What is a credit score?
When you apply to borrow money, whether on a credit card, mortgage or personal loan, the lender will normally carry out a credit check to ensure you are suitable for the product and that you have a good credit history. This result of this check may influence whether or not to accept your application, the amount you will be able to borrow, the interest rate you will be charged and other terms.
A bad credit score may result in you getting limited or no credit from lenders. This may affect your ability to take out a loan, get a credit card or even apply for a mortgage.
It's really important to regularly check your credit score and maintain a healthy rating. Here are some top tips to maintain and improve your credit score over time.
1. Ensure you are on the Electoral roll
Not being registered on the electoral roll may have a negative impact on your credit score and at the very least delay your application for credit or even be rejected completely.
You will need to contact your local electoral registration authority to ensure you are registered on the electoral roll.
2. Check your credit file regularly
You can access your statutory credit report for just £2 and for free if you are a victim of ID fraud or are financially vulnerable.
There are also a number of companies offering free and paid services for obtaining your credit report and credit score online.
These services offer a number of different features such as alerts when your credit score has changed or when they suspect fraud is happening. The paid services attract a monthly fee but often offer a free trial version to test out beforehand
3. Make your repayments in full and on time
Your credit file includes a history of repayments to lenders including banks and credit cards. Your file may also include financial details with any utility companies you have had dealings with including energy firms or mobile phone contracts.
Missing payments could have a negative impact on your credit score. Making payments in full and on time may go towards maintaining or improving your credit score over time as lenders can see that you are managing your finances correctly.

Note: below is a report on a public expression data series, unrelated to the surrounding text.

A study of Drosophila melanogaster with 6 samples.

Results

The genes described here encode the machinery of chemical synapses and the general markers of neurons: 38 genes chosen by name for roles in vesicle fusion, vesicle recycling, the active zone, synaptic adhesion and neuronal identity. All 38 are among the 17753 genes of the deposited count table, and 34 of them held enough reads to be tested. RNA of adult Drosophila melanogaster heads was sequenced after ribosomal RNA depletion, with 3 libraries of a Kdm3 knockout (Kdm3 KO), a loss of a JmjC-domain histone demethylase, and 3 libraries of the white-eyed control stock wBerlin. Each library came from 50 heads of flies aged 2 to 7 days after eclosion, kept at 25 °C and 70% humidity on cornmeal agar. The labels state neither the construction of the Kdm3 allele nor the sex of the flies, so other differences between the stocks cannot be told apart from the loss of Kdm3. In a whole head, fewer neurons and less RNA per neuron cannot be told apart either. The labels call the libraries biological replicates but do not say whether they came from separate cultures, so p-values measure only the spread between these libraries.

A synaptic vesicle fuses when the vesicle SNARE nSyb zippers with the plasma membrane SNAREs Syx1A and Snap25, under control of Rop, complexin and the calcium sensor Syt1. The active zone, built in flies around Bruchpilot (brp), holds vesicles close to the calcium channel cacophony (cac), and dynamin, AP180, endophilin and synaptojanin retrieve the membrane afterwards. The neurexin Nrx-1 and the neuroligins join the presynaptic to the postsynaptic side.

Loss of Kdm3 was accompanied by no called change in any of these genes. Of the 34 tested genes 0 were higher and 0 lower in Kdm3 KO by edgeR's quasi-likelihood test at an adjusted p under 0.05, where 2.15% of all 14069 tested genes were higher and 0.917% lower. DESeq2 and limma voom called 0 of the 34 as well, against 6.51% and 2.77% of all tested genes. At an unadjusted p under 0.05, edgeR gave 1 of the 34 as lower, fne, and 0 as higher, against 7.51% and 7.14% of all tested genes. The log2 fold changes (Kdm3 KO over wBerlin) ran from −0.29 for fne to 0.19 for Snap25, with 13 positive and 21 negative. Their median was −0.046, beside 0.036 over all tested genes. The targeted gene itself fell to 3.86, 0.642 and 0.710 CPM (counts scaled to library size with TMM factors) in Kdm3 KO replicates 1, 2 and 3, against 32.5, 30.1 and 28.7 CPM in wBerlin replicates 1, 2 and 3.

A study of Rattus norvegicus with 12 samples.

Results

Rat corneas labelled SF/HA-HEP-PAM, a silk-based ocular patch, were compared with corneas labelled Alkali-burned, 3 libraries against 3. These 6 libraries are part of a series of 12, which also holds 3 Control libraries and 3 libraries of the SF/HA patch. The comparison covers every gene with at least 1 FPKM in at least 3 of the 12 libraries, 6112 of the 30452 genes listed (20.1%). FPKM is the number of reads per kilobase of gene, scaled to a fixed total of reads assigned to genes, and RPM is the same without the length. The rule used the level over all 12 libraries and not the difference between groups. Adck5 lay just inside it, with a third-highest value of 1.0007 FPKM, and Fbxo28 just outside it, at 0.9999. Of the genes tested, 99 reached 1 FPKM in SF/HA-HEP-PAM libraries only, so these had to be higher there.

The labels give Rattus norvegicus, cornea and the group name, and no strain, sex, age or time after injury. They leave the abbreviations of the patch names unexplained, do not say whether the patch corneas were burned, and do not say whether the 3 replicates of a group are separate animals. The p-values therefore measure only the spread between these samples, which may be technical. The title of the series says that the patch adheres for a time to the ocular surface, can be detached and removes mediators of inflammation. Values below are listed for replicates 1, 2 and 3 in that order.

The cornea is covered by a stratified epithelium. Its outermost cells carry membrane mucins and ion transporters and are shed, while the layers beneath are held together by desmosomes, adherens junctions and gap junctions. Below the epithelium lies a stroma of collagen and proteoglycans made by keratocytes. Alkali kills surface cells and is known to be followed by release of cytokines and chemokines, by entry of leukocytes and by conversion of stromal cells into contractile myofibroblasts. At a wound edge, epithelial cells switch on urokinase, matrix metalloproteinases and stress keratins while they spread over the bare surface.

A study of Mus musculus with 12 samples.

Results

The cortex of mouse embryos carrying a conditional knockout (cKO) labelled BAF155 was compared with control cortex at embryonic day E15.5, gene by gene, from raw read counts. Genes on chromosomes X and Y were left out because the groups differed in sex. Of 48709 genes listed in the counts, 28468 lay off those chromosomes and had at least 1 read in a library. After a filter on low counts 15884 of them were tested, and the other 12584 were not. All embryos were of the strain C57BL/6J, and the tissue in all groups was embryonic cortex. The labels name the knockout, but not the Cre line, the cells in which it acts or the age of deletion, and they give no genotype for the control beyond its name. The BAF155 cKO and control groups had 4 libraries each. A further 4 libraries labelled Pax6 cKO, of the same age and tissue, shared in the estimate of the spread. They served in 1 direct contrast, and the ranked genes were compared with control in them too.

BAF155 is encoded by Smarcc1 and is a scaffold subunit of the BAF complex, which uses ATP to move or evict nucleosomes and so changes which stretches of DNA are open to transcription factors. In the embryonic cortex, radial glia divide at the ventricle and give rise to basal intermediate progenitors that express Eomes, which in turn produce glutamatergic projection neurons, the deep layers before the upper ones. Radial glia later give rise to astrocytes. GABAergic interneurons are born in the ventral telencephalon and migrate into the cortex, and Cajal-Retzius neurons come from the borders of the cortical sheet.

4. Pay off existing high levels of debt
Lenders may be reluctant to accept your application to borrow money if you already have a high level of debt to repay. You should examine your existing financial commitments and reduce or eliminate your existing debt before applying for more.
5. Are you linked financially to someone else?
If you are linked financially with another person such as a joint bank account, joint mortgage, joint loan or even some joint utility bills, then the lender can also access their credit file as part of your credit check. If your partner has a poor credit history then this may affect your ability to obtain credit.
Therefore, it is wise to try and keep your finances separate if your partner has a poor credit history.
6. Don't apply for credit too many times
Every time you submit an application to borrow money, it leaves a note on your file. Applying multiple times for credit, especially in a short space of time may impact your ability to obtain credit.
7. Build up a good credit history
A credit score is based on your past financial history in order to try and predict your future financial management behaviour. Those without any credit history will also encounter this problem.
Try and build up a good credit history by maintaining utility bill and mobile phone contract repayments. Consider getting a credit builder credit card to help you start or rebuild a good credit history.
8. Close unused credit accounts
If you have open credit card accounts or other forms of credit open to you that you do not use, then close them. Lenders may take into account the amount of existing credit you have available before offering you more.
9. Be wary of fraudulent activity
Check your credit report regularly to ensure there are no suspicious entries that may be impacting your ability to obtain credit. You may be the victim of id theft.
10. Fix mistakes on your credit report
If you find that the information stored on your credit report is wrong then get it fixed. This may be hampering your ability to get credit. Check your file on a regular basis to ensure all your details are accurate.